Heads Up! 6 Concussion Myths
Over the years, our understanding of concussions has evolved. Yet, there are still a number of misconceptions out there. That is why we’ve compiled this list of common myths here so you can armor yourself with the knowledge you need to best protect your brain.
Myth#1: Concussions are rare
As many as 3.8 million people experience concussions during sports and recreational activities annually in the United States. These numbers are likely underestimated as many concussions are never reported.
Myth #2: You have to get hit directly in the head
Concussions happen when the brain is shaken; either from an incident where the head is directly hit, or during rapid movement changes such as whiplash. This hitting or shaking of the head can cause injury to any part of the brain, resulting in changes in the brain’s chemistry or function. That means that any situation where your head is impacted OR sustains whiplash, like during a car crash, fall, or indirect blow to another body part, can cause brain trauma.
Myth #3: You only need to worry if you lose consciousness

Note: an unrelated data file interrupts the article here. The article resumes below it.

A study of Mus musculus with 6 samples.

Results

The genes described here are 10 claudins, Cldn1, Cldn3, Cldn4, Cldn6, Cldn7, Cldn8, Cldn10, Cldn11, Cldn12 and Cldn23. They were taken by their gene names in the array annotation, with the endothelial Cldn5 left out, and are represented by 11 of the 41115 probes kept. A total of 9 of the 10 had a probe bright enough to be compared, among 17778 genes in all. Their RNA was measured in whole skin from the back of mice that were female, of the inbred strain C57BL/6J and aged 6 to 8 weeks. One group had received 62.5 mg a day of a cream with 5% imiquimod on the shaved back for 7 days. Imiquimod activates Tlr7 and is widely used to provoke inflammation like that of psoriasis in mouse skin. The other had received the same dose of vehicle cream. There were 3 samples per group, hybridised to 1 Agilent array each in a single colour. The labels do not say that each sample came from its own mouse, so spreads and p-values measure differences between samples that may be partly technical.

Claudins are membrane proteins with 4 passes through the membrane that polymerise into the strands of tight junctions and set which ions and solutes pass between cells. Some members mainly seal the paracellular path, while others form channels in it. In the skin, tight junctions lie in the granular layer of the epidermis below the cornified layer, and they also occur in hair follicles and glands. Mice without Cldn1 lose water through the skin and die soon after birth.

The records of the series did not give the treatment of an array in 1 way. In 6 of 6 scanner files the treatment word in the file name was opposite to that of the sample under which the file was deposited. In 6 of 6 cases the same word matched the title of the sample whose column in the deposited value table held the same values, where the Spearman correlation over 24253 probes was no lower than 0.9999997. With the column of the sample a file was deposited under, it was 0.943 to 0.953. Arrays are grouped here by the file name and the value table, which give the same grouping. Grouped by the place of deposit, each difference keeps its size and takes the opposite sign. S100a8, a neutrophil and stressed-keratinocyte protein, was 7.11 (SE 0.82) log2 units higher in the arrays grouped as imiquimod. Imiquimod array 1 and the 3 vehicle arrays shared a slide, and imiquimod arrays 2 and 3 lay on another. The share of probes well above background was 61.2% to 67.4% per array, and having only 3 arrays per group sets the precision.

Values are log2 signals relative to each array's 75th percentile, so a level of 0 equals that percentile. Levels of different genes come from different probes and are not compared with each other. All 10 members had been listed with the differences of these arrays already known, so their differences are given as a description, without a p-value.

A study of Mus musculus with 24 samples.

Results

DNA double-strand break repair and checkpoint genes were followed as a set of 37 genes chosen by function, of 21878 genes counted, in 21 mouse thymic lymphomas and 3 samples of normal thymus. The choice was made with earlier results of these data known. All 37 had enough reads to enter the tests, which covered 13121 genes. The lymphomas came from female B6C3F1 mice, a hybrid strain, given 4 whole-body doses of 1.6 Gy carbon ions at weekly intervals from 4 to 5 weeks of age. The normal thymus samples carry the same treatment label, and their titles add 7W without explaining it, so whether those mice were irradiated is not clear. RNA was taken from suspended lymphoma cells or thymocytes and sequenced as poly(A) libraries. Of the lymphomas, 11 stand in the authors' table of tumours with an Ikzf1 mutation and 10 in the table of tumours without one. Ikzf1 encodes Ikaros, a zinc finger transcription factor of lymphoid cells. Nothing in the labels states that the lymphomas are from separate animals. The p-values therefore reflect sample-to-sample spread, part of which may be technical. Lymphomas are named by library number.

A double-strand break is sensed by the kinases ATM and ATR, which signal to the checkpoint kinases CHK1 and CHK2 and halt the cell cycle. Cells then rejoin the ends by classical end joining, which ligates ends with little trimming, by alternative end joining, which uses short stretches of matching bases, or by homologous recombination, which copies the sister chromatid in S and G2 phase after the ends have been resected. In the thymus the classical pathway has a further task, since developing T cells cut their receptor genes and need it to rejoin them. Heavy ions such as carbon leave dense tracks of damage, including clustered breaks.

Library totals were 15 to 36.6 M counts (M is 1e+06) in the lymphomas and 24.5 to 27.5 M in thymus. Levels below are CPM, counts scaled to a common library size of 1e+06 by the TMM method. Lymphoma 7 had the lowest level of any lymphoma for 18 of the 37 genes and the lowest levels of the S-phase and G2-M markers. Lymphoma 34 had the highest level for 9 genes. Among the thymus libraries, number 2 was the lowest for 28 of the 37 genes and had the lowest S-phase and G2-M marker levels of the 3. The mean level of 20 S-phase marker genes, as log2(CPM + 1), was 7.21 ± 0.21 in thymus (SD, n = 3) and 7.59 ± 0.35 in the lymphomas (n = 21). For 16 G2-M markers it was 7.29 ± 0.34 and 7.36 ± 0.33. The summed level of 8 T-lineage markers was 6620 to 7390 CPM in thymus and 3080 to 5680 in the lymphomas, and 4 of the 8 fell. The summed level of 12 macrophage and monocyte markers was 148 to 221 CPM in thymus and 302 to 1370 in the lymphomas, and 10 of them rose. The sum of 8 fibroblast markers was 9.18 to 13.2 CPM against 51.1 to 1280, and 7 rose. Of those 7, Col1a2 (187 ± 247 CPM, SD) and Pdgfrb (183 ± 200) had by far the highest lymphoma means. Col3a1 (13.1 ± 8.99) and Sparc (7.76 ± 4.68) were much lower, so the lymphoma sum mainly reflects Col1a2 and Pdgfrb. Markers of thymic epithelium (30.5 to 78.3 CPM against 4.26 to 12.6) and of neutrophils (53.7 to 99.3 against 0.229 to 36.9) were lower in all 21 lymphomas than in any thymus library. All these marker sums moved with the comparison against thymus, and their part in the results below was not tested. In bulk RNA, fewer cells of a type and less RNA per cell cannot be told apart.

Less than 10% of concussions involve a loss of consciousness. This is perhaps why many concussions are never reported. But even if you do not lose consciousness, the effects can still be serious and may require evaluation. Symptoms can be immediate or evolve over time, and can be just as severe.
Myth #4: All concussions are essentially the same
Everyone’s injury and chemistry is unique and, depending on the part of the brain affected, many different temporary or permanent problems with brain function can occur. Recovery can take several weeks to months or even years, depending on the severity of the injury and personal factors such as age and health status. That’s why it’s important to work with a specialist who can deliver the right treatment for you and your injury.
Myth #5: Rest is the only way to treat a concussion
Recent research has shown that the “rest in a dark room” approach can be appropriate in the short term after a head injury, but may result in a delayed return to normal function when compared to an individualized, multi-disciplinary approach to concussion treatment. A PT specializing in concussion can help manage your rest and identify an optimal activity and progression for your individual situation.
Myth #6: Concussions aren’t a big deal
Every concussion is considered a serious injury by health care providers. Concussions, particularly undiagnosed ones that compound on one another without proper treatment, can result in long-term permanent brain damage or even death.
The good news is that these risks can be minimized by immediate and appropriate treatment. A physical therapist specializing in concussion management can assess symptoms to determine if a concussion is present, and treat your injury by guiding you through a safe and personalized recovery program.